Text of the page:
Stirling MP Alyn Smith and MSP Bruce Crawford have called for renewed action on rural crime, amidst concerns criminals may take advantage of the coronavirus pandemic.
A newly published report by the National Farmers Union Mutual insurance firm notes that rural crime cost Scotland approximately £2.3 million in 2019 alone. Livestock and equipment theft, alongside fly tipping and dog attacks on farm animals remain stubborn issues in rural areas nationally, including Stirling.
Stirling has seen an increase in visitors to rural locations during the ongoing coronavirus pandemic, as millions of Scots have opted for a ‘staycation’ amidst continuing international travel restrictions.
Whilst the vast majority of visits have respected the environment and local residents, a stubborn minority have flouted rules designed to keep animals, nature and communities safe.
Bruce Crawford MSP said:
‘Rural communities and businesses are a crucial part of Stirling’s local economy. The coronavirus pandemic has presented unique pressures for these areas, no less from the increased visitor numbers we’ve seen to popular natural sites.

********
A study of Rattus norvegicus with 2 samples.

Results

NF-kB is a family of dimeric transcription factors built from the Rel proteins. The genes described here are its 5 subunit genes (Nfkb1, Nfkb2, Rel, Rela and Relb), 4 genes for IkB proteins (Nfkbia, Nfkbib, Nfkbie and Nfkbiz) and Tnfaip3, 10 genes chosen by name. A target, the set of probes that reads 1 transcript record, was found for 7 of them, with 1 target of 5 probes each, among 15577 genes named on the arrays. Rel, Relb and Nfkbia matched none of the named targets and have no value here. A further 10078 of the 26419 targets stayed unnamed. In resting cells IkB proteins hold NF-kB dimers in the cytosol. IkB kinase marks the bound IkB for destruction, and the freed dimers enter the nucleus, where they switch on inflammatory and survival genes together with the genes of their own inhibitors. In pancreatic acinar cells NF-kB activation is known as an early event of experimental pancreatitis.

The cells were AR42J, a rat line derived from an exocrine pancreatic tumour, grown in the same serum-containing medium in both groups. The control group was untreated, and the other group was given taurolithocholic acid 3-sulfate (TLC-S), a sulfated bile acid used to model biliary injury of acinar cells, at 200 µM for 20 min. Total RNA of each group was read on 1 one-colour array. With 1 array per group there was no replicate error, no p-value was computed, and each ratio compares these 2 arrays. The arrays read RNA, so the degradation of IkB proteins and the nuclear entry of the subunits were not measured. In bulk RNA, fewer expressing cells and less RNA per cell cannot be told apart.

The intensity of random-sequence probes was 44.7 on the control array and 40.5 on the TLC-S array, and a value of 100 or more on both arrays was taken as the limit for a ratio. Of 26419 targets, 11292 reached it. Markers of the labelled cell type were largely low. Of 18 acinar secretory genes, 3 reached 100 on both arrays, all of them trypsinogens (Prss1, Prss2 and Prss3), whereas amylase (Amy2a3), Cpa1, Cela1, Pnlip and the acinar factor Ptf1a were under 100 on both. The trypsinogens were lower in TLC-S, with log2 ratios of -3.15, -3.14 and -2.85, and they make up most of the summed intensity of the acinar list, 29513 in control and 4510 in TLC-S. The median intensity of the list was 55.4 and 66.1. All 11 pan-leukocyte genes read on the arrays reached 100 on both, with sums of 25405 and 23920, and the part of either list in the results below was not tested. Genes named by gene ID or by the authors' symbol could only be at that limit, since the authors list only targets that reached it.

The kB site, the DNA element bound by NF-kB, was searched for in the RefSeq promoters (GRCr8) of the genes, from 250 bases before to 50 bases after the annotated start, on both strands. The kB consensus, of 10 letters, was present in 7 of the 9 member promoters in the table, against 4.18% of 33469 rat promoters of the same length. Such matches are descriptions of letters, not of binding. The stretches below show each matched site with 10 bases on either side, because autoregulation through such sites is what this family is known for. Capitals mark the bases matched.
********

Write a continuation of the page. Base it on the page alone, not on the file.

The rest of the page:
‘I look forward to working with colleagues within Stirling Council, Police Scotland and other public agencies to ensure our rural communities remain safe and well during the COVID-19 health crisis, and rural crimes are tackled in a joint manner.’
Alyn Smith MP said:
‘Today’s report is sober reading, and echoes what Bruce and I have heard from our conversations with rural communities and businesses. Rural crime is real, and COVID-19 has brought into sharp focus the ongoing challenges such communities can face.
‘I’ll be liaising with local residents and colleagues in other public agencies to ensure farmers, businesses and rural communities can work effectively to tackle rural crime and prevent its growth, especially as the economic impact of coronavirus begins to unfold.’